Law School Discussion

Nine Years of Discussion
 on: November 22, 2014, 09:49:41 PM 
Started by samthehumble - Last post by cusc2011
I plan to attend a LLM at a ABA approved school.  For the California Bar, the LLM can be from an ABA approved school or a California approved law school.


 12 
 on: November 22, 2014, 07:36:13 PM 
Started by samthehumble - Last post by I.M.D.Law
I still have to do an LLM in US Law which is only 1 yr of additional study.
Pick a location to take it at yet, or exploring all options for awhile?
If its CA, does it have to be an ABA LLM, or can you do it at one of the non ABA online deals?

 13 
 on: November 22, 2014, 07:15:14 PM 
Started by samthehumble - Last post by cusc2011
I still have to do an LLM in US Law which is only 1 yr of additional study.

 14 
 on: November 22, 2014, 06:14:49 PM 
Started by I.M.D.Law - Last post by I.M.D.Law
I got bored and looked up LLM stuff (just in case I ever wanted to punish myself someday for no good reason) and noticed that some ABA approved law schools appear to not require the full 90 credits for a JD.
example:
http://www.law.northwestern.edu/admissions/facts/documents/2013-ABA-Standard-509-Information-Report.pdf
"Number of credit hours required to graduate 84"


I thought 90 credits was an ABA requirement?

 15 
 on: November 22, 2014, 06:12:28 PM 
Started by samthehumble - Last post by I.M.D.Law
I had my LLB evaluated from a credential evaluation agency that is on the California Bar Examiner list of approved evaluators.  The results came back today and the overall summary of my evaluation is that my LLB from the UK is equivalent to a JD in the United States.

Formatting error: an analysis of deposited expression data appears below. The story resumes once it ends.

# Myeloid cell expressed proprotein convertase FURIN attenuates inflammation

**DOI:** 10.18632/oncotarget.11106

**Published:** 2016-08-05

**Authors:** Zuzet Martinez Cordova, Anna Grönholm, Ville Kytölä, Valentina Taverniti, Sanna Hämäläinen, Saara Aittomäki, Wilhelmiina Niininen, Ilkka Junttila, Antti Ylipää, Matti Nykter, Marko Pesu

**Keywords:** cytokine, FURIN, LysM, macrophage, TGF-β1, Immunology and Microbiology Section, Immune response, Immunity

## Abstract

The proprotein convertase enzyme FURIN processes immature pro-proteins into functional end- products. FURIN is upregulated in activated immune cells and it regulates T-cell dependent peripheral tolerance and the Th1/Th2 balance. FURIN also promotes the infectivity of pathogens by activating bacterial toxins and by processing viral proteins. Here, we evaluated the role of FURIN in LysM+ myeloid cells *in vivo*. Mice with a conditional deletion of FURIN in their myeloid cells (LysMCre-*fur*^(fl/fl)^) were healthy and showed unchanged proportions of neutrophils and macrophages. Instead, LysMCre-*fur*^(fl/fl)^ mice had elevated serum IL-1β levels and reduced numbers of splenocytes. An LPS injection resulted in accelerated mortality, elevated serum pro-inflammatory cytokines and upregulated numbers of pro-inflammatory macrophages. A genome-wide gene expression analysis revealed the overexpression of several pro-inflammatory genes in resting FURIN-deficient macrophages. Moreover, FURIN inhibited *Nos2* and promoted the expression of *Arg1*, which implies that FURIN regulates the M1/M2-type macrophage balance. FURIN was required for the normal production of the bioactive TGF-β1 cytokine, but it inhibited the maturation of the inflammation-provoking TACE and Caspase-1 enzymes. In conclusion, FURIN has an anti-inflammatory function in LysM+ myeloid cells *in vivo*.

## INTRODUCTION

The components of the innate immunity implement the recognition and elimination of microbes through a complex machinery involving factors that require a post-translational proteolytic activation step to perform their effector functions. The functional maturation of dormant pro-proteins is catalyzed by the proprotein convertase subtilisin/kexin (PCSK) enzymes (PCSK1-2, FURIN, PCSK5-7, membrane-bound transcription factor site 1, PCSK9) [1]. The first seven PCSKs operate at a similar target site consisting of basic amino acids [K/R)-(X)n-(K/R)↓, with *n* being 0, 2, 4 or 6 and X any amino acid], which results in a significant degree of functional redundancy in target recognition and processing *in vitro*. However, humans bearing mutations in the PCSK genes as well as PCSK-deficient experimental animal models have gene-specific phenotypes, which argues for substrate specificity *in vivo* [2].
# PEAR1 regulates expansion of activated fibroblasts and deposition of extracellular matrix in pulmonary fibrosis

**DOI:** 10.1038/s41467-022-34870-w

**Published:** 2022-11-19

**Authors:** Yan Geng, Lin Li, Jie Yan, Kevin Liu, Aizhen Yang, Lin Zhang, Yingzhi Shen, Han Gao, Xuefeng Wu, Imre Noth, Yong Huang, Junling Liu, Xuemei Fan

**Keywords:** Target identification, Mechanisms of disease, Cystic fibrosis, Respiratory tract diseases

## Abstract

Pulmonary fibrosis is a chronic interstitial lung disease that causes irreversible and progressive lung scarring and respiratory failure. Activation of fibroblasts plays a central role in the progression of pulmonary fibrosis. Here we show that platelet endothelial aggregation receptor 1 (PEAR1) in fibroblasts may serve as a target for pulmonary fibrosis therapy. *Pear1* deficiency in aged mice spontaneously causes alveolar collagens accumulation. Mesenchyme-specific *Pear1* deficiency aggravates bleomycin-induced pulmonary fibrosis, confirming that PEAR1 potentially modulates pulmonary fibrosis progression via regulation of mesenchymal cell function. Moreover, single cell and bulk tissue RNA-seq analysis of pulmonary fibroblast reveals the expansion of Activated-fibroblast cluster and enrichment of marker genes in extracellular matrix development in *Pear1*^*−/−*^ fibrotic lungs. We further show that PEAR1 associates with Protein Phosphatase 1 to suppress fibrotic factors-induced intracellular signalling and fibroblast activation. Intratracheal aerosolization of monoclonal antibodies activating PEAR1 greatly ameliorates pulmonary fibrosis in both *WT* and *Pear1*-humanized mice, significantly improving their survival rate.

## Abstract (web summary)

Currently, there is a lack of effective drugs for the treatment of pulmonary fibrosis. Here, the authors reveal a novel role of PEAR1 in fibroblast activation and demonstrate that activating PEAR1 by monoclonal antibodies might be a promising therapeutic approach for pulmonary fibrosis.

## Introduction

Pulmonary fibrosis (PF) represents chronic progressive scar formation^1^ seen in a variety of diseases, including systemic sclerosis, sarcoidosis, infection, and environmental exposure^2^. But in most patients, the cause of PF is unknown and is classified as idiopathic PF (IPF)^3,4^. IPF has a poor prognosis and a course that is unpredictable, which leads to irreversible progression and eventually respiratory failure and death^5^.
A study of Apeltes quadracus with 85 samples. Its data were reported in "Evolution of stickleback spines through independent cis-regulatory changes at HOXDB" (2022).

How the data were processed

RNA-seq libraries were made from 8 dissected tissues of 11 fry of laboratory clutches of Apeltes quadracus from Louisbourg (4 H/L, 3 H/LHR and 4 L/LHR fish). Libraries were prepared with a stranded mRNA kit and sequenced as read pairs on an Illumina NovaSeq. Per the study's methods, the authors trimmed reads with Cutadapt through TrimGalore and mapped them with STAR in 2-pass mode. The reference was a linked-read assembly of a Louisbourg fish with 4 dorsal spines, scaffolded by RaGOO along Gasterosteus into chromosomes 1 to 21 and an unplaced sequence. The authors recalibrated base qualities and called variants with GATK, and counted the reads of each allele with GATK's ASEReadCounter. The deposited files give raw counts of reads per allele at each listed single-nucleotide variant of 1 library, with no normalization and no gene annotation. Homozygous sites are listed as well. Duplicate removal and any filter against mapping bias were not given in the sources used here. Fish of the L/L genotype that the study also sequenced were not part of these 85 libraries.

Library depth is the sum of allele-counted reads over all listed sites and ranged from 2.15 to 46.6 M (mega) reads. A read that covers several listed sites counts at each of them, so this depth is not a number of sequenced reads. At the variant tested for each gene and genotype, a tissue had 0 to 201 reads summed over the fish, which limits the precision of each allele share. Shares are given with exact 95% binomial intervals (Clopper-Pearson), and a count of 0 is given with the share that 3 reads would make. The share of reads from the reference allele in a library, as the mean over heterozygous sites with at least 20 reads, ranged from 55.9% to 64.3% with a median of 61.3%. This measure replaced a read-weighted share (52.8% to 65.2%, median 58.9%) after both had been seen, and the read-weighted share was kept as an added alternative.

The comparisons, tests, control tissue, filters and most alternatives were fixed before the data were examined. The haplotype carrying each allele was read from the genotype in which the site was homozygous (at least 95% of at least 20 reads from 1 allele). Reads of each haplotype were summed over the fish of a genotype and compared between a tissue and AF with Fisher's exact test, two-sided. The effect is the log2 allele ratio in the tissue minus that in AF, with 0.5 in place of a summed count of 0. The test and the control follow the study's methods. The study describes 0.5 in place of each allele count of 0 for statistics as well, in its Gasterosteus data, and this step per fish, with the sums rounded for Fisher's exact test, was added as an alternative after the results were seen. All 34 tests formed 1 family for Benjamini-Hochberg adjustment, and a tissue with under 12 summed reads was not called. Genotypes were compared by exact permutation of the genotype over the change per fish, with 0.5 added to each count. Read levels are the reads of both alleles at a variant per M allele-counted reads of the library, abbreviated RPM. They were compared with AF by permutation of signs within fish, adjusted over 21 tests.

So are they going to let you sit it, or do you have to take extra classes first?

 16 
 on: November 22, 2014, 02:53:07 PM 
Started by samthehumble - Last post by cusc2011
I had my LLB evaluated from a credential evaluation agency that is on the California Bar Examiner list of approved evaluators.  The results came back today and the overall summary of my evaluation is that my LLB from the UK is equivalent to a JD in the United States. 

 17 
 on: November 20, 2014, 08:23:25 PM 
Started by I.M.D.Law - Last post by Citylaw
I used it once in trial court and cited this case. Warner Bros. Records v. Golden West Music Sales, 36 Cal. App. 3d 1012

It was kind of a stretch, but it worked. In my case this woman abandoned her property, but did put it into a living trust after six months of searching for her, I filed the lawsuit, and served the attorney that assisted her with forming the living trust who also could not find her. The Judge did not want to notice by publication, and said service on that attorney and recording a Lis Pendens was sufficient.




 18 
 on: November 19, 2014, 09:01:34 PM 
Started by I.M.D.Law - Last post by Groundhog
I'm far from an expert on California civil procedure, but where do you see the good enough summons for persons generally? I don't see it in the statute. Is it in the caselaw?

 19 
 on: November 19, 2014, 08:29:00 PM 
Started by I.M.D.Law - Last post by Citylaw
Some states like California have special statutes that "basically allow for good enough' i.e. California Code of Civil Procedure 416.90.

 20 
 on: November 19, 2014, 06:25:07 PM 
Started by I.M.D.Law - Last post by I.M.D.Law
That probably makes sense, but it is still tough to distinguish. Notice by publication is always a remedy available, but I guess as Newspapers die out the internet is the better source to provide adequate notice
I still support notice by publication, but I'd support making it a rule to require them to at least try (at the same time) to text, email, facebook/etc the person while putting it in the paper (increased odds, not decreased) That would seem reasonable to me to reduce odds of "but I didn't read it" tear jerk stories from people actively trying to avoid service.